SKI-HI was the Institute's first model program. This program offers support and resources in natural environments for families with infants, toddlers, and preschoolers, age birth to five, who are deaf and hard of hearing.
The SKI-HI resource manual contains information and activities for families on early communication, audition, hearing aids, American Sign Language (ASL) resources, aural-oral language, total communication, and psycho-emotional support. The SKI-HI approach for information gathering, child assessment, and program planning needed for developing the Individual Family Service Plan (IFSP) is also covered in the manual. This program and its materials are currently being used by service providers around the country with more than 5,000 children annually. Twenty years of strong data from many of these service providers support the effectiveness of the program.
SKI-HI can provide important assistance in meeting the challenges of two current trends. First, with Universal Newborn Hearing Screening, the United States is moving toward much earlier identification of hearing loss in infants and referral to early intervention agencies by three months of age. Appropriate intervention strategies must be promptly available for the large numbers of these very young infants and their families.
A second development is the increase in the number of early intervention programs who serve young children with hearing losses. Personnel in these programs are requesting and needing additional training in order to effectively serve this population. In addition, service delivery personnel with expertise in deafness frequently request information and training to keep pace with the rapidly changing field.
Training is available in the SKI-HI model through two formats: (1) six days of on-site training, and (2) four days of on-site training combined with home study. Training is conducted by national trainers experienced with the program and its resources. Technical assistance is also available in implementation of SKI-HI programming.
In order to become certified as a SKI•HI Local Trainer within a local area or state, the applicant must meet the following requirements:
These requirements have been set into place to ensure the integrity and quality of our SKI-HI name and the caliber of workshops that are delivered to professionals across the country. If you have questions or concerns about any of these requirements, please feel free to contact Paula Pittman at 435-797-5600 to discuss them.
The SKI-HI curriculum is a comprehensive family-oriented program for children who are deaf and hard of hearing 0-5. It contains information written in user-friendly topics for parents in an array of program areas. The topics have accompanying visuals, activity sheets, handouts, and follow-up reference information and materials.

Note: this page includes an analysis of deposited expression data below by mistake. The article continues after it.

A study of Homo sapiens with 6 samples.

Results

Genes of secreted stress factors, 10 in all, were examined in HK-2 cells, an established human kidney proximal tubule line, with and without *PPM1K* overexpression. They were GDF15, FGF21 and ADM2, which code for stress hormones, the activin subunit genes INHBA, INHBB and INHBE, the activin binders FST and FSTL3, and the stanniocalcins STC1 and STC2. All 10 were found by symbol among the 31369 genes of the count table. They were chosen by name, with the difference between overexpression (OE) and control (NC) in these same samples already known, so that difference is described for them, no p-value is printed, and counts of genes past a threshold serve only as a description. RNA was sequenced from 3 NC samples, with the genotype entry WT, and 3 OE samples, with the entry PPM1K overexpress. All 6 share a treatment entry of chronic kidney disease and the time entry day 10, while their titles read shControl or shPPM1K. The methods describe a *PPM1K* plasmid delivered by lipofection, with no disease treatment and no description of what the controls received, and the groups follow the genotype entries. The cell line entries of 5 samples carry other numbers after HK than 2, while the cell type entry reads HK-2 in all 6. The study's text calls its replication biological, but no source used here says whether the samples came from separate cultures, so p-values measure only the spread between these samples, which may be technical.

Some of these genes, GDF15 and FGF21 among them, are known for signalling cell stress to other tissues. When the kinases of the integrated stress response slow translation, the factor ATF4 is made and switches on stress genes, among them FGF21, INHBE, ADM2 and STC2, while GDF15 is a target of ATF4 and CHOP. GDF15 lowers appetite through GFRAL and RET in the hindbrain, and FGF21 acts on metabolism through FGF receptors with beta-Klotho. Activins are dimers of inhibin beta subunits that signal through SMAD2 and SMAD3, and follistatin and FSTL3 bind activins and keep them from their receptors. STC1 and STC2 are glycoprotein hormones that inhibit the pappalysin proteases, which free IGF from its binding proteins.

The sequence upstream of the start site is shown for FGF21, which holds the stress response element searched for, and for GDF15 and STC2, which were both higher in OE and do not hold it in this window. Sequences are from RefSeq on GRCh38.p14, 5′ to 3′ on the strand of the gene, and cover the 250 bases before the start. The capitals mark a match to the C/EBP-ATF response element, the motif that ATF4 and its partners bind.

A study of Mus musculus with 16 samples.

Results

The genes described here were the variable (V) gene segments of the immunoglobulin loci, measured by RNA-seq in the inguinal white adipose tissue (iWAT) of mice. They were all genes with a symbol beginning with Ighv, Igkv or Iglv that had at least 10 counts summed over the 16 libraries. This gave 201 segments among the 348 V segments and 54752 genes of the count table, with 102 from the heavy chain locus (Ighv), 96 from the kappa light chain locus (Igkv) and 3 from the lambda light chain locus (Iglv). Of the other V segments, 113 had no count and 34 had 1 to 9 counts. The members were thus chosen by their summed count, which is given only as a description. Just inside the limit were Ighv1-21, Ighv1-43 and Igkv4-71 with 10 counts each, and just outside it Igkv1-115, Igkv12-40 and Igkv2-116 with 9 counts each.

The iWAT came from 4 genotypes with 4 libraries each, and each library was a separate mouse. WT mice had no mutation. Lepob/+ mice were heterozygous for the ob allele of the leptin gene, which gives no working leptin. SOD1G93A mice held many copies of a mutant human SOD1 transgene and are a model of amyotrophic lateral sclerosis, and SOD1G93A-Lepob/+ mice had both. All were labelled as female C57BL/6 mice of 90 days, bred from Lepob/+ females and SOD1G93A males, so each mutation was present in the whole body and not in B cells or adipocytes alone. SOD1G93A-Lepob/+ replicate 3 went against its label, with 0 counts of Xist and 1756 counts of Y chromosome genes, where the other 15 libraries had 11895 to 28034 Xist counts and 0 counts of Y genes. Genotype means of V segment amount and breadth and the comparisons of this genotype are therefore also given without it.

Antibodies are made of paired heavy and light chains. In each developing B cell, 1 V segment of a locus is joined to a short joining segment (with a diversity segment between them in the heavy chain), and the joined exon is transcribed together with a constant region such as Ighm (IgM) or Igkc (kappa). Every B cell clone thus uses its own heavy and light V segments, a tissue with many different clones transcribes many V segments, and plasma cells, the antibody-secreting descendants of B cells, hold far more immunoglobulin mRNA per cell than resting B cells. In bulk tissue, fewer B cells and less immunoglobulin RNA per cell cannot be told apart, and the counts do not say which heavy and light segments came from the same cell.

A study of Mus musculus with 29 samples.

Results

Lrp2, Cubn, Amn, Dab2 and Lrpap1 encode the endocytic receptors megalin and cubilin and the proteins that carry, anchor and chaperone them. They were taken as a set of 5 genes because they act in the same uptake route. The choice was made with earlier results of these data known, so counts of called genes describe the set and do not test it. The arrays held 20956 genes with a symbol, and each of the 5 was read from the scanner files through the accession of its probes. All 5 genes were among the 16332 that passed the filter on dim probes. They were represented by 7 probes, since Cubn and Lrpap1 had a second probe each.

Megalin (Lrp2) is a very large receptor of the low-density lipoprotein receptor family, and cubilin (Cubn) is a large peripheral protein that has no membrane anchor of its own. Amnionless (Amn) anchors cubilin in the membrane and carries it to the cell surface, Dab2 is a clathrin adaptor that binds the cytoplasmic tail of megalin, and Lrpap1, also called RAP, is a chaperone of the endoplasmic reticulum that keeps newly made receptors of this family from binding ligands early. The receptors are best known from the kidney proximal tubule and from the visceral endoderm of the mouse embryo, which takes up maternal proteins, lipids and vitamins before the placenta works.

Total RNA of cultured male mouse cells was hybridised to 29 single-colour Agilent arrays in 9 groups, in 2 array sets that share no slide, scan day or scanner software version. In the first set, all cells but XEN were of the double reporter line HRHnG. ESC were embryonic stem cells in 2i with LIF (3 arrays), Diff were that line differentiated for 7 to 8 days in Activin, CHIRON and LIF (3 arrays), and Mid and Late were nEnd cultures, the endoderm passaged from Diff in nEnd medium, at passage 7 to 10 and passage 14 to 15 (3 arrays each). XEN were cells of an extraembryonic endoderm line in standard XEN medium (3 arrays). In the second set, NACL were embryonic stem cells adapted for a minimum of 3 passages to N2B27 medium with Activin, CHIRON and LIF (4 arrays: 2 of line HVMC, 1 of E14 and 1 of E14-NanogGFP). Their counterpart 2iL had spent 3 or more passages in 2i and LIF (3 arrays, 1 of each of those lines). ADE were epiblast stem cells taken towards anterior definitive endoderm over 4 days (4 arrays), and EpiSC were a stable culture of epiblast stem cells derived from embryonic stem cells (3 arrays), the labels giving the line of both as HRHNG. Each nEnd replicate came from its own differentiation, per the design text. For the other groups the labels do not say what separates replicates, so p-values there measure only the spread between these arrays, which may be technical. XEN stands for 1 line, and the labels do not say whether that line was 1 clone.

The basics of early intervention is presented including information about parent advising, cultivating family-centered partnerships, parent support, the first home visits, and assessment. What it's like to be deaf and general ways that persons who are deaf communicate is the theme of a new section. One section focuses on programming for infants 0-12 months. The amplification section includes new information about high tech hearing aids. There is also a section on programming for young children with cochlear implants. How to promote early parent-child communication interactions is the focus of still another section.
Two sections focus on basic early communication approaches for young children who are deaf and hard of hearing. The first approach is early visual communication and the second one is early verbal communication (learning to talk and listen). There is a section on exploring language methodologies, and five follow-up language programs are offered: Bi-Bi, Signing English, Aural-Oral, Cued Speech, and ASL Emphasis. An early literacy program has been included as well as a program on play and concept development.
A portion of the curriculum is devoted to special issues including sensory integration; natural environments and routines; serving children with unilateral, mild, moderate, and conductive losses; uditory neuropathy and special medical conditions; and serving children with other special needs.
For More Information about SKI-HI, or how to access SKI-HI services in a particular state, contact Paula Pittman at: email@example.com.